Senators News: November 20th

The Ottawa Sun‘s Bruce Garrioch thinks tonight’s game against Vancouver will be a litmus test for the Sens (link).  He quotes Paul MacLean, “Against the other teams in the league that are closer to us, we’ve played pretty well. This is an opportunity for us to measure ourselves against the Stanley Cup finalists from last year and see where we are. The last time we played the Stanley Cup champions it didn’t go very (well), so this is going to be another test for us. I think we’re going to be ready for it because (the Canucks are) a good team.”  Garrioch goes on to note Ottawa’s 3-3-1 record against team’s above them in the standings, which to me answers his question. Ottawa is a .500 team that runs hot and cold.  How they perform against Vancouver isn’t going to change that perception.

The Ottawa Citizen‘s Allen Panzeri writes about much the same thing (link), saying “What Murray likes even more is that the Senators are starting to be more  consistent. The wild swings have been levelled out, and players are paying  greater attention to what they’re supposed to be doing.”  It’s not a direct quote so I won’t pick on Murray too much, but I’m not sure I see the difference between going 1-5, 6-0 and then 0-5, 3-0.  If that isn’t a continuation of “wild swings” I don’t know what is.

-Rob Brodie, writing for the Sens website, also looks at how the team is trending (link), but uses a better quote from Paul MacLean, “If we can find consistent play with our team and our work ethic continues to grow, and our attention to detail on how we want to play continues to grow, who knows where it’s going to go? We’re not predicting we’re going to be doing anything or playing anywhere. We’re just going to go out and take it game by game and when it’s all said and done, we’re going to be where we’re going to be.”

The Ottawa Citizen‘s Ken Warren’s article isn’t worth reading (link), but is worth correcting: he says Andre Petersson had shoulder problems last year–it’s his back Ken, his back; he thinks Jakob Silfverberg leads Brynas in scoring (he does not).  In another article Warren can’t help but snipe at Nikita Filatov (comparing him to Mark Stone), but the meaningless comparison is not worth getting into.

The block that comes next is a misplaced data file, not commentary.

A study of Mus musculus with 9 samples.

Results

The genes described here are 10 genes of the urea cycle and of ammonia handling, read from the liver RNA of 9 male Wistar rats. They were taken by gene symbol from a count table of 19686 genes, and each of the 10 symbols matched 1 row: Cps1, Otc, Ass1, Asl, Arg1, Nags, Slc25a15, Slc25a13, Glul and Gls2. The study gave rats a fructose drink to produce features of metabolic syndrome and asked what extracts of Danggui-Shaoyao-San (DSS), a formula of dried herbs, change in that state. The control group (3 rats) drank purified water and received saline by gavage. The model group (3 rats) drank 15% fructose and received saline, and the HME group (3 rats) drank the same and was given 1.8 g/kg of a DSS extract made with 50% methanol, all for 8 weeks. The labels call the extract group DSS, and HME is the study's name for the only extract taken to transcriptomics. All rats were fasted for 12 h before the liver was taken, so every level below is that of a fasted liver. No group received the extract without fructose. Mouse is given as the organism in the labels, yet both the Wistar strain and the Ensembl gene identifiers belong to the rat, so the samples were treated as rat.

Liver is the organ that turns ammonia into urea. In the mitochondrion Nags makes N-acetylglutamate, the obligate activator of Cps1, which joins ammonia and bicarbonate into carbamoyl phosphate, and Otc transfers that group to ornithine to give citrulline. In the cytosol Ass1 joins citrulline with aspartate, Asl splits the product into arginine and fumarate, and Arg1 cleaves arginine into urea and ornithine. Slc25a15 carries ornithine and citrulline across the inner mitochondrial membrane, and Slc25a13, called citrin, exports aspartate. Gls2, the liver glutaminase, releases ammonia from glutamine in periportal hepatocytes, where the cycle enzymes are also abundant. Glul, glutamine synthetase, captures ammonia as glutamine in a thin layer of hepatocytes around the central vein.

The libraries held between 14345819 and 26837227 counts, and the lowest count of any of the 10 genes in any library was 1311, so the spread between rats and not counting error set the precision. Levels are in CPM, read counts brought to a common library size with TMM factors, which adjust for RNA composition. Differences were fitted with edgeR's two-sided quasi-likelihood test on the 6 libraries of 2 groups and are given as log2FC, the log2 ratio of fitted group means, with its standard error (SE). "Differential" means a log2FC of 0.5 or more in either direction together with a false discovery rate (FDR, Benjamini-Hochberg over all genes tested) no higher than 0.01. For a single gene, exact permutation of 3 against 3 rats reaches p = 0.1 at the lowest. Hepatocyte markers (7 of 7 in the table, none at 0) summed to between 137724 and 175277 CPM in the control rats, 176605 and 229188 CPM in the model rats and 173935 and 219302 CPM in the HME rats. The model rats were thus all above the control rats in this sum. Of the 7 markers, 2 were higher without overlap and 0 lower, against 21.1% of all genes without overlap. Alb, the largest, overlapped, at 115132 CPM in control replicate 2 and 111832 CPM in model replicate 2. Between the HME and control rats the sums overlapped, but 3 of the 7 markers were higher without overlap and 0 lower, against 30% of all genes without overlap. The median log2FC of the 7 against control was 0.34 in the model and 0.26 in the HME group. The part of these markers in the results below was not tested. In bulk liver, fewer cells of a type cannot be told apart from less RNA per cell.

The Ottawa Sun‘s Jason York writes about Nikita Filatov (link), appropriately after the story has died.  I’ve listened to York’s opinion on Filatov evolve over the past week, but he still can’t quite understand the reasoning that’s so obvious to teammates (Daniel Alfredsson) and management (Bryan Murray).  The argument itself is nothing new, but I thought I’d look at the comparisons York has made to Filatov‘s situation (York doesn’t realise that an accurate comparison would be to another highly drafted Russian on a rebuilding team–there are none below):
Ryan Getzlaf (borrowed from Garrioch’s story two days ago, my thoughts are here link)
Bobby Ryan (2nd overall in 2005, he played 48 games in Portland before making the defending Stanley Cup champion lineup)
Jason Spezza (2nd overall in 2001, excluding the lockout he played 43 games in Binghamton before permanently making the 2003 Ottawa lineup that came one game short of the Cup final)
Zdeno Chara (3-56/96, played parts of two seasons (48 and 23 games) in the AHL)
Shea Weber (2-49/03, played 46 games in Milwaukee before joined the 05-06 Predators)
Martin St. Louis (Undrafted; in Calgary organisation 1997-2000)
Tim Thomas (9-217/94, unsigned by Quebec/Colorado)
Danny Briere (1-24/96, spent the bulk of the 97-98 and 99-00 in the AHL, along with half of 00-01)
There are all sorts of problems with these comparisons, but briefly: both Ryan and Spezza were trying to make Stanley Cup rosters filled with veterans (and they still only played half the year in the minors).  Chara was not a high draft pick so there were no expectations of him bursting into the lineup (and yet he never played a full season in the minors).  Weber beat the odds in Nashville by not spending a full year in the minors.  St. Louis wasn’t drafted and along with Briere played in an era when small players didn’t play–both were added to veteran laden teams and had no option other than waiting their turn.  Finally, Thomas was a goaltender with no pedigree at all.  To summate: none of them are Russian, only half are first round picks, and none of the high draft picks were on rebuilding teams.

SenShot‘s Jared Crozier takes a look at the Sens after 20 games (link) where he illustrates how the Sens have cut down their goals against and improved their penalty killing while their powerplay declines.  He cites Kaspars Daugavins as his biggest surprise and Jason Spezza as his biggest disappointment–I don’t agree with either.  Spezza‘s play hasn’t changed; he’s just not seeing the same results.  Daugavins continues to improve, but the only surprise is how much trust he has from the coaches (presumably in part because assistant Dave Cameron had him in the OHL).

-Binghamton assigned Maxime Gratchev and Brian Stewart back to Elmira and both participated in Elmira’s 3-1 win over Kalamazoo (Stewart earned the win, while Caporusso had an assist and Downing a goal).